Zasphinctus septentrionalis

Scientific classification
Kingdom: Animalia
Phylum: Arthropoda
Class: Insecta
Order: Hymenoptera
Family: Formicidae
Subfamily: Dorylinae
Genus: Zasphinctus
Species: Z. septentrionalis
Binomial name
Zasphinctus septentrionalis
(Crawley, 1925)

Sphinctomyrmex septentrionalis casent0173062 profile 1.jpg

Sphinctomyrmex septentrionalis casent0173062 dorsal 1.jpg

Specimen labels



Distribution based on Regional Taxon Lists

Australasian Region: Australia (type locality).

Distribution based on AntMaps


Distribution based on AntWeb specimens

Check data from AntWeb




The following information is derived from Barry Bolton's New General Catalogue, a catalogue of the world's ants.

  • septentrionalis. Eusphinctus (Nothosphinctus) septentrionalis Crawley, 1925b: 577 (w.) AUSTRALIA.
    • Combination in Sphinctomyrmex: Brown, 1975: 33.
    • Combination in Zasphinctus: Borowiec, M.L. 2016: 243.
    • Status as species: Brown, 1975: 33; Taylor & Brown, 1985: 51; Bolton, 1995b: 392.

Type Material

Unless otherwise noted the text for the remainder of this section is reported from the publication that includes the original description.



Length 52 mm.

Castaneous; head slightly darker, legs paler, mandibles and clypeus considerably darker; margination of head, pronotum, and epinotum darker than the mandibles; gastric segments with dark rims.

Body, including legs and antenme, with a fine yellow pilosity, less abundant on thorax. Funiculi pubescent.

Head very slightly longer than broad, a fraction broader in front, the sides almost straight, contracting feebly in the middle, occiput widely and shallowly emarginate and subtruncate, the border marginate. Mandibles not very strongly bent at base, minutely and indistinctly denticulate, but in the centre of the terminal border is a longer and sharp tooth. Carinae on cheeks fairly developed. Frontal carinae seen from the front, widest anteriorly, then becoming almost parallel, nearly four times as long as wide behind; in front they encircle the antennal insertions, behind they are concavely truncate but not absolutely fused; at their extremity they join a finely impressed line which runs up the front. Eyes and ocelli absent. Scapes extend for almost two-thirds of the distance from their bases to the occiput; they are not quite twice as broad at the apex as at the base. All funicular joints except the apical broader than long, 2 to 6 very gradually increasing in size, 7 to 10 more rapidly; the apical joint is rather longer than the preceding two taken together, but less than the preceding three.

Thorax twice as long as broad, feebly contracted at the sides between the meso- and epinotum, with an indication of a suture above. Pronotum a shade broader than epinotum. Declivity entirely marginate.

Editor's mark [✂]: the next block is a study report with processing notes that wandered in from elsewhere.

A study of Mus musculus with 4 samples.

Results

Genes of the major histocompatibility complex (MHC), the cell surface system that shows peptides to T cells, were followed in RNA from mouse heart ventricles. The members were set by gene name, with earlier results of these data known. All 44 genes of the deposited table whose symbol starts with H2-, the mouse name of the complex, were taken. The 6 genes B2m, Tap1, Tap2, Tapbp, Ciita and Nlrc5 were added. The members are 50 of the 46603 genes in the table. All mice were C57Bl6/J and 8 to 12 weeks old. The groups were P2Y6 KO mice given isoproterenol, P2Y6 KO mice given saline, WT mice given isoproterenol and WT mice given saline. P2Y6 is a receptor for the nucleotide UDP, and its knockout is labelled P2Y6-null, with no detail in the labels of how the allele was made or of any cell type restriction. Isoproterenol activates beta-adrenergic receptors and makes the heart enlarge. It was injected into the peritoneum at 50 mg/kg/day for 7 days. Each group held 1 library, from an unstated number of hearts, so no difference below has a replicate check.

Petiole slightly broader than long, a shade broader behind, the sides convex; nearly three-quarters as broad as the postpetiole, which is broader than long and a little more than three-quarters as broad in front as behind, feebly convex above; the following segment shorter and broader, the next slightly shorter but as broad, the next as long but slightly narrower.

Mandibles shining, coarsely punctate only, no trace of striation. The whole of the upper surface of head, except the ocellar region, densely and coarsely punctate. There is a faint ground-striation in front, otherwise the surface is shining. The punctures are most abundant and largest on the anterior half. At the sides they become closely massed together and are connected by reticulations. On the occipital truncation the punctures are shallow. Each puncture on the upper surface of head has a microscopical central eminence bearing a hair.

Dorsum of thorax shining, sparsely punctate, the punctures smaller than those on the head. Down the centre there is a strip almost free of punctures except for a large one at the junction of meso- and epinotum. Sides with small sparse punctures and indications of a ground-reticulation. Declivity shining with a faint microscopical reticulation. Petiole punctured similarly to the head, also the postpetiole and following segments of gaster, the punctures becoming more superficial and smaller as the apex is approached. Legs and antennae closely punctate, the funiculus very minutely so.


References based on Global Ant Biodiversity Informatics

  • Taylor R. W. 1987. A checklist of the ants of Australia, New Caledonia and New Zealand (Hymenoptera: Formicidae). CSIRO (Commonwealth Scientific and Industrial Research Organization) Division of Entomology Report 41: 1-92.